For many people, it’s easy to think of hybrid working like hybrid cars – we know they’re out there, we know they’re a good thing, but why? And how?
Even before 2020, hybrid working was being touted as the next big thing. Organisations were starting to make in-roads into adopting this ‘half in, half out’ way of working, and studies were starting to emerge about why it was so beneficial. Fast forward a couple of years, and it feels like hybrid working has been with us for decades. The thing is, most companies have been so busy implementing hybrid working practices, they haven’t had the time to stop and think of the most important thing of all: how to introduce them effectively.
Sacred to any organisation is the notion of connection, and communication. At first glance, hybrid working seems at odds with this. Nevertheless, there are a few ways organisations can drive connection through hybrid working; let’s take a look.
There’s No Such Thing As Over-Communication
Even the unhyphenated version of ‘over-communication’ gets flagged by spellcheck, so that shows you it doesn’t exist! Leaders must compensate for the lack of physical facetime and ‘live’ socialisation opportunities that office work affords. Schedule daily, weekly, and other regular meetings. These might cover banal subjects which would be normally discussed at someone’s desk, but bringing them online offers welcome normality.
Even though many people will prefer hybrid working and take to virtual meetings like a duck to water, many others will not and might feel lonely or ostracised as a result. Empathise with those who miss a typical nine to five. Seek ways to draw them in. Take extra time with them on a one-on-one basis, if needed.
With more meetings comes a greater need to organise the week. Leaders should take charge of this – employees will expect nothing less. Regular meetings and catchups should be exactly that – regular. Block them in everyone’s diaries as a recurring appointment, i.e., at the same time on the same day. Commit to sustaining these meetings and never stop. Gently encourage attendance by communicating exclusively through these meetings and giving feedback to those who miss them. Over time, a culture of regular, anticipated meetings will form. Connection will inevitably follow.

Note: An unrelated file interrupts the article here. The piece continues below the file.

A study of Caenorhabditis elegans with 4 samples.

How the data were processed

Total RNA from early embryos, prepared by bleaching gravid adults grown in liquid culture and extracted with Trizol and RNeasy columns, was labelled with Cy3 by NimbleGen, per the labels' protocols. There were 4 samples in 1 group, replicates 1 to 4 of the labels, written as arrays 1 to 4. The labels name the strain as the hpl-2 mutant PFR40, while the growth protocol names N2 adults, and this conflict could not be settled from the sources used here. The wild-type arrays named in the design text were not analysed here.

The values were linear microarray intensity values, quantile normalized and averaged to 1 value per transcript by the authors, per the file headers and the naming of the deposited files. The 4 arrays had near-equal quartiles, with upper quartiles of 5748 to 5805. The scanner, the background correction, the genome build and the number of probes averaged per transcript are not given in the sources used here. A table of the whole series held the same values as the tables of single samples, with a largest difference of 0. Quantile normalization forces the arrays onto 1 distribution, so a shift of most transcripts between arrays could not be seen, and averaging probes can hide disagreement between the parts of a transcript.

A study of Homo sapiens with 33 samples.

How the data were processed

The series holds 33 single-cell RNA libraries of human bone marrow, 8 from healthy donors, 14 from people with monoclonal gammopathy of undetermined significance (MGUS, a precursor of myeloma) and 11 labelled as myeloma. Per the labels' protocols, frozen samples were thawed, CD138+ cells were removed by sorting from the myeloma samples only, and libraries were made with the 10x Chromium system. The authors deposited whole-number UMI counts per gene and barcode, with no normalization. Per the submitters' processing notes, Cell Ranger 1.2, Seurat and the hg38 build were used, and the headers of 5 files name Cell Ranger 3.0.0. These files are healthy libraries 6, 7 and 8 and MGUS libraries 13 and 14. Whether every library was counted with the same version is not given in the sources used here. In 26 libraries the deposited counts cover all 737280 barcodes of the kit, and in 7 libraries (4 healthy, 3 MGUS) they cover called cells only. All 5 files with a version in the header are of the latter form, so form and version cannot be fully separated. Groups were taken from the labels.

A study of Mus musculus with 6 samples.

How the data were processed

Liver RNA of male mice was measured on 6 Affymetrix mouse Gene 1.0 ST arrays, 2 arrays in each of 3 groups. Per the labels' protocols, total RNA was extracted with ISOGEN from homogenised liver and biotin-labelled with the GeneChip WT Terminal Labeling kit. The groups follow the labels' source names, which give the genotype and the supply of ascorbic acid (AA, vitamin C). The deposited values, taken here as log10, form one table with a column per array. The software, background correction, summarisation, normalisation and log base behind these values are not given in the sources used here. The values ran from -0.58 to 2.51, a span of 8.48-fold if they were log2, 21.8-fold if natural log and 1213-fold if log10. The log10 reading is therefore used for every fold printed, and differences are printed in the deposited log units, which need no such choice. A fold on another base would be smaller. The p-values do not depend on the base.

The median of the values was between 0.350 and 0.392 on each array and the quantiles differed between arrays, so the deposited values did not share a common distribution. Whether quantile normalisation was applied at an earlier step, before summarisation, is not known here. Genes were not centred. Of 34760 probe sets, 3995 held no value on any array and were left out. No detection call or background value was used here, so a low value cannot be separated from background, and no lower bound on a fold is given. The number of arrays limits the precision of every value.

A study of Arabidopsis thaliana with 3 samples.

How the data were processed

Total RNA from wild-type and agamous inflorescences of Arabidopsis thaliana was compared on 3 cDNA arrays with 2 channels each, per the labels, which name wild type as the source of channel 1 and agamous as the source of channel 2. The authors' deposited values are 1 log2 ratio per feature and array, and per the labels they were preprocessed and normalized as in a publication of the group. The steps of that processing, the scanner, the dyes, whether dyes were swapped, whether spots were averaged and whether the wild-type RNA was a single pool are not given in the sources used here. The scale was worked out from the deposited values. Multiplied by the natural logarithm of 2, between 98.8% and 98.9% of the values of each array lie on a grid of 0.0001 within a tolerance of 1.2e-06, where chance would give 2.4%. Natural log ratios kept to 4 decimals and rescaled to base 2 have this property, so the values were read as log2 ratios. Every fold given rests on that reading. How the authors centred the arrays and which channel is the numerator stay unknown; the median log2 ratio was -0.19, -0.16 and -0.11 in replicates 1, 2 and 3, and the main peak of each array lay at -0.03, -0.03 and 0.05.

Make the Virtual Environment Fun
The mere mention of ‘Zoom’ or ‘Slack’ needn’t make your team shudder. Take some time to learn about ways to make virtual meetings fun and interactive. One cheap and easy tool to use is Kahoot, a virtual quiz application. Everyone loves a quiz, right? Polling apps such as Mentimeter (and Kahoot, again) give employees a say, as well as being fun. Alternatively, keep things low-tech by simply swapping meeting hosts, encouraging funny Zoom backgrounds, or factoring in time at the end of the meeting for something social such as “My plans for the weekend are…”.
Maximise Time in the Office
Make those few days in the office count. Find a day when most of – if not all – the team are in and set up a meeting to discuss hybrid working norms. This meeting could be used to drive solidarity and values too.
Lean heavily on in-office socialisation. Arrange the occasional team lunch and relax the rules, for example, around dress code or even allowing pets. Encourage people who struggle connecting virtually to schedule collaborative work for when they are in the office, and solo projects for the home (remember to over-communicate with them, especially!).
Final Thoughts: Give the People What THEY Want
If you’re still searching for the answer to that “How?” question, then maybe direct it to your team instead. Ask them, “How can we drive connection for you?” The above list is by no means exhaustive, and many leaders are still finding their way through hybrid working –this is completely understandable.
Talking to your team – especially those who are warier – might open your eyes to a solution or intervention you’ve never considered before. For the team itself, being the part-architect of their unit’s foray into this brave new working world can be an empowering feeling and a driver of connection in itself.